At 11:30am yesterday, temperatures at our campsite were almost 100 degrees Farenheight. While we ate our sandwiches, my wife rubbed her shirt.
“What’s the matter?”
“Sweat just rolled between my breasts! Gross!” She wrinkled her nose. “It’s really hot. Are you ready to head into town?”
Now that she mentioned it, I was hot. “Sure, let’s go.”
We drove into town and stopped at Starbucks. Christi sipped on a lemonade and I had a Carmel Frappacino. After a great conversation with a guy who had full-sleeve tattoos, we decided to move along. Before long we passed a bank. The current temperature, 103, flashed across its marquee.
“Do you want to see if we can get a hotel? If we find one for about $45 a night we could stay there. In the morning we could head to the lake and come back when we got too hot.” I didn’t want her to get the impression that I was chickening out. “I’m ok with camping, but I don’t want us to get too hot to enjoy ourselves. What do you think?”
She didn’t even pause, “That sounds like a really good idea.”
We found a hotel in town for the right price. The rooms were clean and, more importantly, air-conditioned. We didn’t waste anytime moving in.
This morning we went back to the lake. We swam around and talked. We ate hotdogs, baked beans, and peaches for lunch. When it got too hot, we came back to our room.
I learned some things:
Every adventure has its bumps.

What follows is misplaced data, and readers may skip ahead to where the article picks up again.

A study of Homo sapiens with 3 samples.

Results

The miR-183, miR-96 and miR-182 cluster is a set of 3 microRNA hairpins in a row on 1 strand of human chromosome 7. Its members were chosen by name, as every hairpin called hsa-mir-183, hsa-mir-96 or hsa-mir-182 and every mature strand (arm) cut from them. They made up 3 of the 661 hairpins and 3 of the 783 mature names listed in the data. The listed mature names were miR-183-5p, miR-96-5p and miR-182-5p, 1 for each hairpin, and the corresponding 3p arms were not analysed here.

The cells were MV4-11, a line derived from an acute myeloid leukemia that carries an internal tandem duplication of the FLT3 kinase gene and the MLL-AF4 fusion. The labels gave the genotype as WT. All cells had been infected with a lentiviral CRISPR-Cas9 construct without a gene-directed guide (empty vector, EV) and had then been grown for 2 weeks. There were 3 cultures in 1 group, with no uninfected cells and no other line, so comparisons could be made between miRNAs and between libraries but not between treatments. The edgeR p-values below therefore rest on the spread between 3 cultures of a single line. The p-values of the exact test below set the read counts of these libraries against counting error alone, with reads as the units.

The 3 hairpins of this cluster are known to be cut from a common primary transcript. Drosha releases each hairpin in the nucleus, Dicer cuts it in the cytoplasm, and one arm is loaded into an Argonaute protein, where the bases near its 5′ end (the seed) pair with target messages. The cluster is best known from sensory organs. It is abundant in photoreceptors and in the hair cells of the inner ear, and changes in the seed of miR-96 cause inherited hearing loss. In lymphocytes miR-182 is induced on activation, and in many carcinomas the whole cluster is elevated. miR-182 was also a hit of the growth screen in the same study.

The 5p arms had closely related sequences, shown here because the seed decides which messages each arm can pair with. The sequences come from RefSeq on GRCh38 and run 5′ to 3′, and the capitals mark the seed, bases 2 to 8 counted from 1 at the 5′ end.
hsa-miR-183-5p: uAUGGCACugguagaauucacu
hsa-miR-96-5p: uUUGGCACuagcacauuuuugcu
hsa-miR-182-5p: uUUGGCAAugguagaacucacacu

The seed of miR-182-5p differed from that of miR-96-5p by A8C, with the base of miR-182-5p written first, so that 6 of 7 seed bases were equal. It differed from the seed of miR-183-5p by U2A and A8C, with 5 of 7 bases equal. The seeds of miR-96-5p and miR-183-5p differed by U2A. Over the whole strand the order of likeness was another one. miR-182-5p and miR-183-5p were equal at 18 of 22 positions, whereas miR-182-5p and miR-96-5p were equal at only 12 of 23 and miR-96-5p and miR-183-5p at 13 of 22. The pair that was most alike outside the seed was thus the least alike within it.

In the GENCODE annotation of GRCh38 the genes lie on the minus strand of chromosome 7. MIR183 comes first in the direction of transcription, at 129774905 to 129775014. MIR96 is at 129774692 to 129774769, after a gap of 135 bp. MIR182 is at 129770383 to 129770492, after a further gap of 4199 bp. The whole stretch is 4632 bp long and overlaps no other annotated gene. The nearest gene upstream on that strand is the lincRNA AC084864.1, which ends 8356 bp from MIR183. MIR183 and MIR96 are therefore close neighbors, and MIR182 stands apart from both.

Every character in every story faces unexpected challenges. In fact,challenges are the stuff of adventures. Why would real-life adventures be any different? How we handle challenges determines the outcome of the adventure. Christi and I weren’t going to let a little heat get in the way of our time together.
We had contengency plans.
Before we got to the campsite on day one, we identified two main obsticles to camping the whole time: rain and heat. We talked through the possibility of each and what we wanted to do. We made a decision before the need to make a decision happened. A little forethought removed a lot of pressure.
We had emergency funds.
Cash-only is a huge value for our family. Part of being on a cash-only system means that we have a contengency, or emergency, fund. If a washer goes out, we can cover it out of the emergency fund. In this case, because my wife is so totally awesome, our vacation had an emergency fund. We got a couple of nights at a cheap motel without violating our cash-only principle.
We remembered our reason.
This trip was never about camping. It was about being together and talking. It was about having an adventure. We still have all that, just in a more comfortable venue. If you let the activity become the experience, rather than medium for an experience, you will be disappointed.
The local theater is showing ‘Hancock.’ We haven’t seen it yet, so we are really looking forward to it. I’ll let you know what we think.